Fighting the Opioid Epidemic

Marty has worked hard to help fight the opioid epidemic in Maine through his public policy advicacy and his hands-on work with the recovery community. He believes strongly that the keys to breaking the cycle of addiction are a good job, a place to live, and access to quality health care. Below are a number of articles that outline Marty's approach to this critical issue.

Trump administration displays complete misunderstanding of opioid crisis

U.S. Attorney General Jeff Sessions is coming to town this week to address the raging opioid crisis in our country.

It’s critical that the federal government engages on this issue. I’m glad he’s paying attention and trying to help. But so far this administration’s attitude toward the opioid crisis shows a complete misunderstanding of the problem, one that I believe will end up making it worse, not better.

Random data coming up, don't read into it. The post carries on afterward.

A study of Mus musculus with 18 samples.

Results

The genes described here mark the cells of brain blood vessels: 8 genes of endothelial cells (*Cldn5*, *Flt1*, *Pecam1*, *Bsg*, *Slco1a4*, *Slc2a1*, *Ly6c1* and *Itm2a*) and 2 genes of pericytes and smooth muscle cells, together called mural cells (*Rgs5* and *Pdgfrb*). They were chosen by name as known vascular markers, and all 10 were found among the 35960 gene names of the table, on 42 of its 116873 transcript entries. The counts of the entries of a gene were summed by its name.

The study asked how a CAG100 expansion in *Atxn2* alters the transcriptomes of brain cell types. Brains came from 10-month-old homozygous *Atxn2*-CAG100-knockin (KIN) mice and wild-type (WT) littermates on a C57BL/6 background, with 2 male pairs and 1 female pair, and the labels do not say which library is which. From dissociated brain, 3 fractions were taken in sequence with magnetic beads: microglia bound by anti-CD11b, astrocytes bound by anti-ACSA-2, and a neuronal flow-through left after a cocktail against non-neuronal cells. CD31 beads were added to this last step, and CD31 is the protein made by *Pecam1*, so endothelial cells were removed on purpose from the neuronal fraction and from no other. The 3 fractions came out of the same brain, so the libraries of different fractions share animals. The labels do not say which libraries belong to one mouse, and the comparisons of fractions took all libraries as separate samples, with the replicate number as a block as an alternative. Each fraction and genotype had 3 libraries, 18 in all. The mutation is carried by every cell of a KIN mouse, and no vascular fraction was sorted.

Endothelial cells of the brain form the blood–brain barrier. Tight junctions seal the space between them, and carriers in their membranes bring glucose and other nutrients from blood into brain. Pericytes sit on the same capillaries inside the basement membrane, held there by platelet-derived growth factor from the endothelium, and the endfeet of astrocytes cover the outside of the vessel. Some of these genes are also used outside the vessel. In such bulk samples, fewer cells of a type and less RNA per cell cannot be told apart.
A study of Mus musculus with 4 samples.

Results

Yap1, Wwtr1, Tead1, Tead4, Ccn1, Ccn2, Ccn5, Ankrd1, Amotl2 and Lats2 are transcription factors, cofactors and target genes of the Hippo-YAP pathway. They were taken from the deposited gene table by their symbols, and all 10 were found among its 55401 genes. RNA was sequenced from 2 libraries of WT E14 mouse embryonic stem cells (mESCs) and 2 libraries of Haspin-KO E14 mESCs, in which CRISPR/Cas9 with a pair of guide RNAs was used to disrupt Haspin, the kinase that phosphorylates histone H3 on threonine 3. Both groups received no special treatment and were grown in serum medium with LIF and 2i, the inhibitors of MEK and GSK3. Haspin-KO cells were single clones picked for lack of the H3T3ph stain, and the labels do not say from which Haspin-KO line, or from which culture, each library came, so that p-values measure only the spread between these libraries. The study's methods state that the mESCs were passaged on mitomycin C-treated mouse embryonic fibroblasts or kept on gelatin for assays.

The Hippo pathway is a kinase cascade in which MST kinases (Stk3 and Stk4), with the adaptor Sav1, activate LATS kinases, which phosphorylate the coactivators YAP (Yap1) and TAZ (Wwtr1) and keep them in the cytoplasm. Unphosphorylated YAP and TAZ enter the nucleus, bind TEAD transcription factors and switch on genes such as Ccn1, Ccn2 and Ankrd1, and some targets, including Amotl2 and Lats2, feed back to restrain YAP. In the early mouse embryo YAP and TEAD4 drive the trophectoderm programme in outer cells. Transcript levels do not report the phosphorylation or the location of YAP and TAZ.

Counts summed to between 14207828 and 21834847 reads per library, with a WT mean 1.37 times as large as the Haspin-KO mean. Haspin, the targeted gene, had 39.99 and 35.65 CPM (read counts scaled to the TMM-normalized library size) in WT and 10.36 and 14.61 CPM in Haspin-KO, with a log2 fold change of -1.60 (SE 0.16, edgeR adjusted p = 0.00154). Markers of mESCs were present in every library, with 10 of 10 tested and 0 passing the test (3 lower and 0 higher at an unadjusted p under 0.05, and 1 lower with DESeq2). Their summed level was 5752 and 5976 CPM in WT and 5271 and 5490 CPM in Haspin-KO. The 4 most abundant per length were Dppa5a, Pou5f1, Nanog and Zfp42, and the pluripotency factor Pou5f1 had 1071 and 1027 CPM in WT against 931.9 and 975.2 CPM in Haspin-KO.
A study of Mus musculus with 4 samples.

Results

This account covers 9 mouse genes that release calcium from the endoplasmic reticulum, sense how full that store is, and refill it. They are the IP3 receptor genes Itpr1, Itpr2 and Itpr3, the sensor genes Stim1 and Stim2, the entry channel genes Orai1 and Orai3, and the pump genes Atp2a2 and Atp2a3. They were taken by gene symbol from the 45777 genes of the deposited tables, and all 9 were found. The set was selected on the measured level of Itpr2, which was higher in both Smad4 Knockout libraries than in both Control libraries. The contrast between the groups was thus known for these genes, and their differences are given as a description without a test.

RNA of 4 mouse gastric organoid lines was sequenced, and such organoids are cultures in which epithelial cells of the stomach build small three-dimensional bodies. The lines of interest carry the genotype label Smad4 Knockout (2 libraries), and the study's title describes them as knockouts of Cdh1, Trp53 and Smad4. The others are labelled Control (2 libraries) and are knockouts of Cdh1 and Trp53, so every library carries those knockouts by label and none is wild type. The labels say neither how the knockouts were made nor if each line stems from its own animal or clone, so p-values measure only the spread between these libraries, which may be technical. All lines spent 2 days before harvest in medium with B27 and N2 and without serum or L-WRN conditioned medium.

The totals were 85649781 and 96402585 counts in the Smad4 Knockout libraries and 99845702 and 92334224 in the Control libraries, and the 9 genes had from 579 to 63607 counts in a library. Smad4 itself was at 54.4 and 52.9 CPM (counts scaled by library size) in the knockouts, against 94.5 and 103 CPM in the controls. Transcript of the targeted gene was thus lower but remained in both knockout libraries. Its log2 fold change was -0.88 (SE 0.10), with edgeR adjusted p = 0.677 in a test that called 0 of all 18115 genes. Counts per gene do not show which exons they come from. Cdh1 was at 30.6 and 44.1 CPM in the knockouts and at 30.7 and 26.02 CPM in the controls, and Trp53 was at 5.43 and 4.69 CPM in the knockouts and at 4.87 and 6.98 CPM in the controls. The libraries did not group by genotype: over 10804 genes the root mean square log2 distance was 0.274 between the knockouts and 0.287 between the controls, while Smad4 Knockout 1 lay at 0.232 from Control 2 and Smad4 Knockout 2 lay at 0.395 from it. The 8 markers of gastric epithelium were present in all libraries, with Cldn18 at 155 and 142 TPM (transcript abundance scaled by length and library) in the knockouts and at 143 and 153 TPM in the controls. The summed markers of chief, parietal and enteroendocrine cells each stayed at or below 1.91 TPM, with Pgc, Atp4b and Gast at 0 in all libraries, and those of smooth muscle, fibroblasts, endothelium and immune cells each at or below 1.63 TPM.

Last week, together with York County Sheriff Bill King, University of New England’s Coastal Healthy Communities Coalition and Enso Recovery, we conducted a Recovery Workforce Job Fair at the Pepperell Mill Campus. Twenty seven employers exhibited and more than 70 jobseekers attended in person, as well as many more via Skype online connection from the York County Jail.


BIDDEFORD (NEWS CENTER Maine) -- Employers at a job fair in Biddeford Thursday were looking for very specific candidates: people recovering from substance use.

Gaps in resumes and criminal histories typically present barriers to employment.

The job fair, co-hosted by Representative Martin Grohman and ENSO Recovery, aimed to help people who are in recovery from substance use.


A first-of-its-kind job fair Thursday will pair Mainers in long-term recovery from drug and alcohol misuse with employers looking to hire those hoping for a second chance.

The Recovery Workforce Job Fair kicks off at 9 a.m. at Biddeford’s Pepperell Mill.


The current opioid epidemic is the deadliest drug crisis in American history. Overdoses, fueled by opioids, are the leading cause of death for Americans younger than 50 years old, killing roughly 64,000 people last year, more than guns or car accidents, and at faster velocity than the HIV epidemic.